Step 10: Close the Loan

  • About the Closing

    The closing is the day when the seller receives the check and the buyer receives the deed to the property. Generally, this is the also the day that the buyer receives the keys to their new home.

  • Preparing for the Closing
    • At least 3 days before the closing, both you and the seller should receive a copy of the Closing Disclosure, which states the final terms of the loan. It tells the seller how much money they will pay or receive at closing and tells you how much money you need to close. Compare this with your original Loan Estimate. Now is the time to resolve problems—if the Closing Disclosure doesn’t match your original Loan Estimate, ask why.
    • Do a final walk-through inspection one or two days before closing to make sure that the house is in the same condition it was at the time the offer was made or any repairs required before closing were made.
    • Get a cashier’s check or wire instructions to fund your down payment and closing costs.
    • Meet with the lender or title company to sign the mortgage papers to borrow the money. Be sure to allow enough time to read all the documents and ask as many questions as you need so that you understand the terms of the loan.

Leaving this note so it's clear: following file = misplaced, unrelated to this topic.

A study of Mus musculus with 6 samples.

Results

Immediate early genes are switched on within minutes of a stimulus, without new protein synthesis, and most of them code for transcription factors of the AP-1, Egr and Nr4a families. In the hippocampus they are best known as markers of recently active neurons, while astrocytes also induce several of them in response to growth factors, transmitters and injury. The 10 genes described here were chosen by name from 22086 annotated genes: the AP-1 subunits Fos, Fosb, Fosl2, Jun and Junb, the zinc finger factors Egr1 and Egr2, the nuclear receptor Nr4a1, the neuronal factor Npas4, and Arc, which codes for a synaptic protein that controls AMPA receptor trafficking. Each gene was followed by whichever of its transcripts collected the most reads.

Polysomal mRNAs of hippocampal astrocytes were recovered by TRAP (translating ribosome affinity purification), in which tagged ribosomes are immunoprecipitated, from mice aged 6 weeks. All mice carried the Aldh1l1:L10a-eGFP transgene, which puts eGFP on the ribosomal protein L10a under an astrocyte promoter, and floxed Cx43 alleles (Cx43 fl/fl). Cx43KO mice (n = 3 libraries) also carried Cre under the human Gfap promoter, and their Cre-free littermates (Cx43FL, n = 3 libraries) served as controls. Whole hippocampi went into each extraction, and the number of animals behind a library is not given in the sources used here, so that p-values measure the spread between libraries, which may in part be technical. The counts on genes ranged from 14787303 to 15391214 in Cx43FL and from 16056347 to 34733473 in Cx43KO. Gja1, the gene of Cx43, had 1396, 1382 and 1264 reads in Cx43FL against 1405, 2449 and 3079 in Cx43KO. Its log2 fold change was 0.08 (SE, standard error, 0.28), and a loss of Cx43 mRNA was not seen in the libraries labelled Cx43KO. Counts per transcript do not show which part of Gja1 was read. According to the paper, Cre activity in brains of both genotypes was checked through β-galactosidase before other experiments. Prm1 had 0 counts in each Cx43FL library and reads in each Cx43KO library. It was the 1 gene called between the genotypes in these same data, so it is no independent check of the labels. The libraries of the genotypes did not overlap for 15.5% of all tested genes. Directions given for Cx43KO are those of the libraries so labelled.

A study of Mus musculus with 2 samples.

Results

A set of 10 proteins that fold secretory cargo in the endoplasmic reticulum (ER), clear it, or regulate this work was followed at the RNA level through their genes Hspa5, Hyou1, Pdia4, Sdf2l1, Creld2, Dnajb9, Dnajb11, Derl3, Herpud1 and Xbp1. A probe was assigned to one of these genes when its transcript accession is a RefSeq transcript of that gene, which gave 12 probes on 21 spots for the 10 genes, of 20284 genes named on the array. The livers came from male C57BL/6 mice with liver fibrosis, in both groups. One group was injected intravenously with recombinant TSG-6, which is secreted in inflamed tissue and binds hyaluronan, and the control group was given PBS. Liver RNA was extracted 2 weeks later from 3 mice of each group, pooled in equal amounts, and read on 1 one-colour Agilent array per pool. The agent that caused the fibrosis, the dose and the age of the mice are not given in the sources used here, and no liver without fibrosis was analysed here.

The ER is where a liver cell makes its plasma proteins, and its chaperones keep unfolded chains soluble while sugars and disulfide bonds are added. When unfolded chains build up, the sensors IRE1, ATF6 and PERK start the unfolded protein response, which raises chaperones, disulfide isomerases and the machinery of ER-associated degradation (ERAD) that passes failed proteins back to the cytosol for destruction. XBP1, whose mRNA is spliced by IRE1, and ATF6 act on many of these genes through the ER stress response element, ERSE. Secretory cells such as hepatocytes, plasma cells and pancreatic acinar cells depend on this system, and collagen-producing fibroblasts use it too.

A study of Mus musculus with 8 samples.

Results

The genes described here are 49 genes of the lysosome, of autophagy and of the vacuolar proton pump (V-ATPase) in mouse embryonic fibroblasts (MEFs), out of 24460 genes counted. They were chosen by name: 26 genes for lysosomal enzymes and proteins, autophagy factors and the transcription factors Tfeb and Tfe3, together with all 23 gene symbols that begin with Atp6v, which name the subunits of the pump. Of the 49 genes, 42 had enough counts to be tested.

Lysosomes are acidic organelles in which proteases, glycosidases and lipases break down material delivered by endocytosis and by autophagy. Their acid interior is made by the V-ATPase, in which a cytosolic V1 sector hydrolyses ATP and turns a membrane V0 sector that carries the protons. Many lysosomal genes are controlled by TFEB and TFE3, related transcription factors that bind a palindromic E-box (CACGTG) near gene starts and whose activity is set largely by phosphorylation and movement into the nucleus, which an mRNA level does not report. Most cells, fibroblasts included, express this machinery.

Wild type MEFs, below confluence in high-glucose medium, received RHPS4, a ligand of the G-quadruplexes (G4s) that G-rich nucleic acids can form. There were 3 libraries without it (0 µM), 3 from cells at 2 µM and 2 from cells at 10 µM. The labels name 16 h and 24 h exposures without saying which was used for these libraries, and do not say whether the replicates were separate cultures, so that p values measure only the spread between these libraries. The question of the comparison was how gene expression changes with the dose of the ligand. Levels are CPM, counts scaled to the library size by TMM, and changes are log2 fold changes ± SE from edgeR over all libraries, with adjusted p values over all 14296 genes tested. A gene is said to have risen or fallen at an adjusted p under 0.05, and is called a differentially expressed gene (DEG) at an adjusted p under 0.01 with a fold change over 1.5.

• Call the utility companies and arrange to have the utilities transferred to your name as of the closing date.
  • Closing Documents

    At the closing table you will be signing many binding contracts, and it’s important that you understand what you are signing. The most common documents include:

    • The Closing Disclosure: discloses final terms of the loan and is completed by the escrow agent/title agent, is an itemized list of all services provided and fees charged to both you and the seller.
    • The Mortgage Note: your promise to repay the lender according to the agreed terms.
    • The Mortgage: document used to secure the mortgage note. Recognizes your ownership of the property but gives the lender the right to claim the property if you fail to meet the terms of the note.
    • Affidavits: can vary and attest to certain information in writing.
    • The Deed: legal document conveying title to the property from seller to buyer.
    • Title Insurance: policy that protects against any title defects, such as liens or other claims against the property.
    • Title Abstract: summary of the public records that relate to ownership of property.
    • Survey of Property: contains boundaries of the property and all structures and important features of property.
    • Escrow Analysis: provides detailed information on your escrow account. An escrow account is an account set up by your lender to pay certain property-related expenses, such as property taxes and insurance premiums, on your behalf.